Article by Jonathan White, White Coffee
Everyone loves a good story. And the great ride of a wave. And everyone is looking for something new. And exciting. And exotic. Coffee’s likely-to-be fourth wave will be all that and more.
What is the “fourth wave”? With the first three waves most exemplified by coffees such as Folgers, Starbucks and Stumptown, the “fourth wave” can be defined differently by different people. For some, it extends beyond mere general coffee origins and sustainability themes, but instead focuses on extensive details about the coffee (details about the specific farmer, their estate/coop, or how the sustainability program with that coffee works). For others, the focus is how the coffee process can impact the finished product (certain profile roasting, or one hot trend is to “barrel age” some raw products). And for others, home roasting raw beans to insuring freshness would be this added step.
All these trends can contribute to a more elevated coffee experience; at the same time, the danger can be to look to “ride the wave” without remembering about “back to basics”.
You need a great story for sure. But you also need great finished product. Part of the problem is often that the marketing, even if it were highly effective, cannot overcome the basic problem of the too often “mediocre” cup of coffee (even if you can legitimately relate a great story). Would a fine restaurant deliberately offer a “mediocre” house wine (even with a great story) as their staple? After all these years, it still amazes me how restaurateurs can “skimp” on product cost for coffee (the last impression at a meal) , either because they believe that average product would not overrule an otherwise good meal, or because they just can’t tell the difference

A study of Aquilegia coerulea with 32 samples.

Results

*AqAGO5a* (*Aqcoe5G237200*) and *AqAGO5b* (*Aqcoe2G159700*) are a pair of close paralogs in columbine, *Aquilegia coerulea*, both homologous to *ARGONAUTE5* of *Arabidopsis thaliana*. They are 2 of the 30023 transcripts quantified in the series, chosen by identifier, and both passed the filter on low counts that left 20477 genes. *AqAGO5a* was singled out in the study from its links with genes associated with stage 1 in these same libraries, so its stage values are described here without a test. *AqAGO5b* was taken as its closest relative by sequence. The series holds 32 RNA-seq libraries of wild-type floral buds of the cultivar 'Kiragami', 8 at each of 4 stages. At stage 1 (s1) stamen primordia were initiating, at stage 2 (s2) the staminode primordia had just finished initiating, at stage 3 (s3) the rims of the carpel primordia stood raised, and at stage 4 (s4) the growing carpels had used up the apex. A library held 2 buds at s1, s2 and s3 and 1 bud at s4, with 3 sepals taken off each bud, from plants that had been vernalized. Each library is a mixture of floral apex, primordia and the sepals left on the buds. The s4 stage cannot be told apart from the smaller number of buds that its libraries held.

This problem is also exacerbated by the impact that inferior equipment can have in the process. Great product may not turn out great if improperly prepared. Behind the scenes support is equally important (much easier with wine- but imagine if you served warm chardonnay!)
Speaking of wine, many restaurants have wine sommeliers, with elegantly bound volumes with hundreds of bottles of wine (often with exotic varietal descriptions), to help “tell the story”. Yet with coffee, the same fine establishments forget to emphasize the beverage that, from an actual cost point of view, has the highest gross margin of product cost of any item on the menu! So many menus merely list “coffee.” Some finer dining places, if they think they are truly going the “extra mile”, might put a brief description of where the coffee comes from. How about sharing the details of where the coffee comes from- its elevation, its province, its growers, the special care that went into the beverage, any premium that is paid that improves the life or environment of where the coffee comes from. You would be amazed what an enticing story can be told, and I guarantee that a few extra menu descriptors will yield handsome profits in return.
On the story of where the (hopefully) exceptional coffee began its journey, the quality of the product, and insuring proper preparation, restaurateurs and hoteliers can easily engage with a “coffee sommelier” – their supplier should readily have the specific information at hand, should be able to assist in the marketing effort, and should be able to insure that the coffee is being properly and consistently prepared.
Quality stories are important. When paired with quality product and quality preparation, that’s a wave that anyone can successfully ride for a long time.
Jonathan White is the Executive Vice President at White Coffee Corporation in Long Island City, NY. Learn more about how Jonathan and his team can help you at their website.